October 25, 2010
How Adam and Eve killed the dinosaurs
In my earlier post titled Gen fight at the Baptist corral, I discussed the hoo-ha that is currently going on in some religious circles because of William Dembski's attempt at reconciling the doctrine of original sin with evolution and an old Earth.
The reason that this is a problem for Christians is that they believe that all suffering is due to the fall from grace caused by the original sin of Adam and Eve. If you believe in an old Earth and evolution, then how do you explain the natural disasters and suffering that occurred during the time of our pre-human ancestors? Dembski's book presumably answered this question but since there was no chance in hell that I would buy that book and read it, I thought his solution would be forever lost to me.
But fortunately there is a blogger (who claims to be also an orthodox Baptist) who has written a detailed review of Dembski's book with lots of direct quotes and I am now privy to Dembski's solution which I will share with you, because I am sure that you have been losing sleep worrying over this very question.
Brace yourself for an earthshaking revelation: in Dembski's world, effects can precede causes!
Here's how Dembski's plan works. You start with the big bang and evolution working their way through, all leading up to the time when non-human hominids appeared. All this happened just the way we godless heathens say it happened based on silly old evidence and the laws of science. But "these hominids initially lacked the cognitive and moral capacities required to bear the image of God." Then at some point, these hominids entered the Garden of Eden, "received God's image and became fully human" (whatever that means). They then experienced the famous fall from grace and the consequent punishment of suffering that is inflicted on us all.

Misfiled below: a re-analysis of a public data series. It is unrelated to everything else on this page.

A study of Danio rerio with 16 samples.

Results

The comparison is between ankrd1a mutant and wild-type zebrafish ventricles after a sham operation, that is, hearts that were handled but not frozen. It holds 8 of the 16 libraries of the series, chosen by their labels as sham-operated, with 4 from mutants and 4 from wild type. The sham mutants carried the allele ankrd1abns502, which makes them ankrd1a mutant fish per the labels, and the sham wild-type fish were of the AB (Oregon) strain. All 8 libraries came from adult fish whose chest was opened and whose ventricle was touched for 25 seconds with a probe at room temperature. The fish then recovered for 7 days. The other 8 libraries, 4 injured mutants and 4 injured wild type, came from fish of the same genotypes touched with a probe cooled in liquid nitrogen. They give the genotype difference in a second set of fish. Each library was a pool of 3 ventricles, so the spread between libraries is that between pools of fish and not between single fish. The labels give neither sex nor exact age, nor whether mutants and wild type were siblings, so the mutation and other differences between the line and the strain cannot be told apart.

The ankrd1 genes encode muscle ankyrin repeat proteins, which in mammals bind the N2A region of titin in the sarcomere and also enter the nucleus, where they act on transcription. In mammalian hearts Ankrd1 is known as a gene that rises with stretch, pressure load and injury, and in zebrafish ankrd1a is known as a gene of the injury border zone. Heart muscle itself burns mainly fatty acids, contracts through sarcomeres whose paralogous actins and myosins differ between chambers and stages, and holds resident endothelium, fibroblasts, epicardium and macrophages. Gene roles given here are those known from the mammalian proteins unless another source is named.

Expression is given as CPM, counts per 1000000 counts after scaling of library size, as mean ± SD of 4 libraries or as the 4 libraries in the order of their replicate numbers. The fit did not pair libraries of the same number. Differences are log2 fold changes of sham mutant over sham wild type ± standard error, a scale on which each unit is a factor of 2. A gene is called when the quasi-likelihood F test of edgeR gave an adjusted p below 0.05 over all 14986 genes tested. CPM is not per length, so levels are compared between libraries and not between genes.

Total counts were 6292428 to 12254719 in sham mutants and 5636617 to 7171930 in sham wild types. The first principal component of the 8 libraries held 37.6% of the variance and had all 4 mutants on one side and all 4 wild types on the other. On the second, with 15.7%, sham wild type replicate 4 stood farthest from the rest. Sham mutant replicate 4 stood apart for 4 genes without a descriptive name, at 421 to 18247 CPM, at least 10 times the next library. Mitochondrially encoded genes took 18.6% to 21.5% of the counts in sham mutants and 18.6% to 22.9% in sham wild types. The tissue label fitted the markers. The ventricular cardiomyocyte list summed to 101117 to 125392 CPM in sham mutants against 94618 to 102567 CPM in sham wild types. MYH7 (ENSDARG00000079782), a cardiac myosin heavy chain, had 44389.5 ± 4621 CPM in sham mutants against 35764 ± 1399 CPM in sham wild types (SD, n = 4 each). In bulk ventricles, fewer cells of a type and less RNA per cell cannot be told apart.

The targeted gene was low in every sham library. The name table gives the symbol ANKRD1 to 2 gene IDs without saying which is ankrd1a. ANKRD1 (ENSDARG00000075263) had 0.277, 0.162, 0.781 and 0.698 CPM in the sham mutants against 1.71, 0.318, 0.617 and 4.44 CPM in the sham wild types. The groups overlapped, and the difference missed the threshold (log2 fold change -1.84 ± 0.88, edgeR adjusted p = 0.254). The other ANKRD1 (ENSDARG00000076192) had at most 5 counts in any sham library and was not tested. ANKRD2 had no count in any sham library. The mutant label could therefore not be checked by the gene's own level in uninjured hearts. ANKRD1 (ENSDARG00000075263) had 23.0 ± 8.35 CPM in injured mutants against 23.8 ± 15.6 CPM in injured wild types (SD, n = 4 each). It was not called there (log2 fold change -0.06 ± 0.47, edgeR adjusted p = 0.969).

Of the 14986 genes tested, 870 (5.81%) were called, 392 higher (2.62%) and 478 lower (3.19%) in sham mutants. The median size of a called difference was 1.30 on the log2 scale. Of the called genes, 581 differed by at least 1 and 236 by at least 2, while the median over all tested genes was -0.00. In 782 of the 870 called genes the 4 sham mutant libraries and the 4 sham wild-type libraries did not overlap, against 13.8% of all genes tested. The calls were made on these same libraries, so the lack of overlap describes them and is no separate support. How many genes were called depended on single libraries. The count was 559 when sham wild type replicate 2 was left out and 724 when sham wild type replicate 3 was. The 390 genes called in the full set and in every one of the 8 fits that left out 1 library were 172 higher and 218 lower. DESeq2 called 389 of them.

But here’s the kicker: All the suffering that occurred before that time was due to god applying the punishment retroactively because he knew the fall was going to happen later. So, for example, god punished the poor dinosaurs by sending an asteroid to collide with the Earth and cause all of them to go extinct because sixty five million years later a couple of hominids would wander into a garden and eat some fruit. Doesn't seem quite fair to the dinosaurs but who are we to questions god's sense of justice?
At this point, I am sure that some of you are saying, "Hold it right there, Bill. Isn't that going a bit too far? Surely you realize that abandoning the principle of causality is to deal science a mortal blow? If effects can precede causes, then is anything in science safe? Have you no sense of decency sir, at long last? Have you left no sense of decency?"
One of Dembski's critics, fellow Baptist theologian Tom Nettles who thinks a young Earth is the way to go, seems to think this is absurd and compares it to a stern father who spanks his child soundly every Sunday evening because he knows that the child will do something wrong during the coming week and so he might as well get the punishment over with.
The problem with you cynics is that you are not looking at things with the eye of faith. After all, once you have given god the power of omniscience and omnipotence and omnipresence so that he can overrule all the laws of science, why hold back? Why not go the whole hog and give him the power to reverse cause and effect as well? As Dembski's says, "Why, in the economy of a world whose Creator is omnipotent, omniscient, and transtemporal, should causes always precede effects?" True, that. Once you have demonstrated a willingness to abandon almost all of science, why cling to some trivial remnant of it merely because it poses an obstacle to your theological argument? As the comic strip Jesus and Mo astutely points out, what gives religion its edge is that it is allowed to make stuff up.
The United Negro College Fund has for decades had as its slogan "A mind is a terrible thing to waste." When I think of all the undoubtedly very clever people over the centuries, even millennia, spending enormous amounts of time tying themselves up in intellectual knots to reconcile their allegedly holy books with rapidly advancing science, it truly does seem like a colossal waste. What make it worse is that the people seeking to solve such problems do not seem to realize that the problems they are grappling with are artificial ones of their own creation and are not able to see a simple solution that stares them in the face,
The only upside is that these contortions provide a source of endless entertainment for people like me.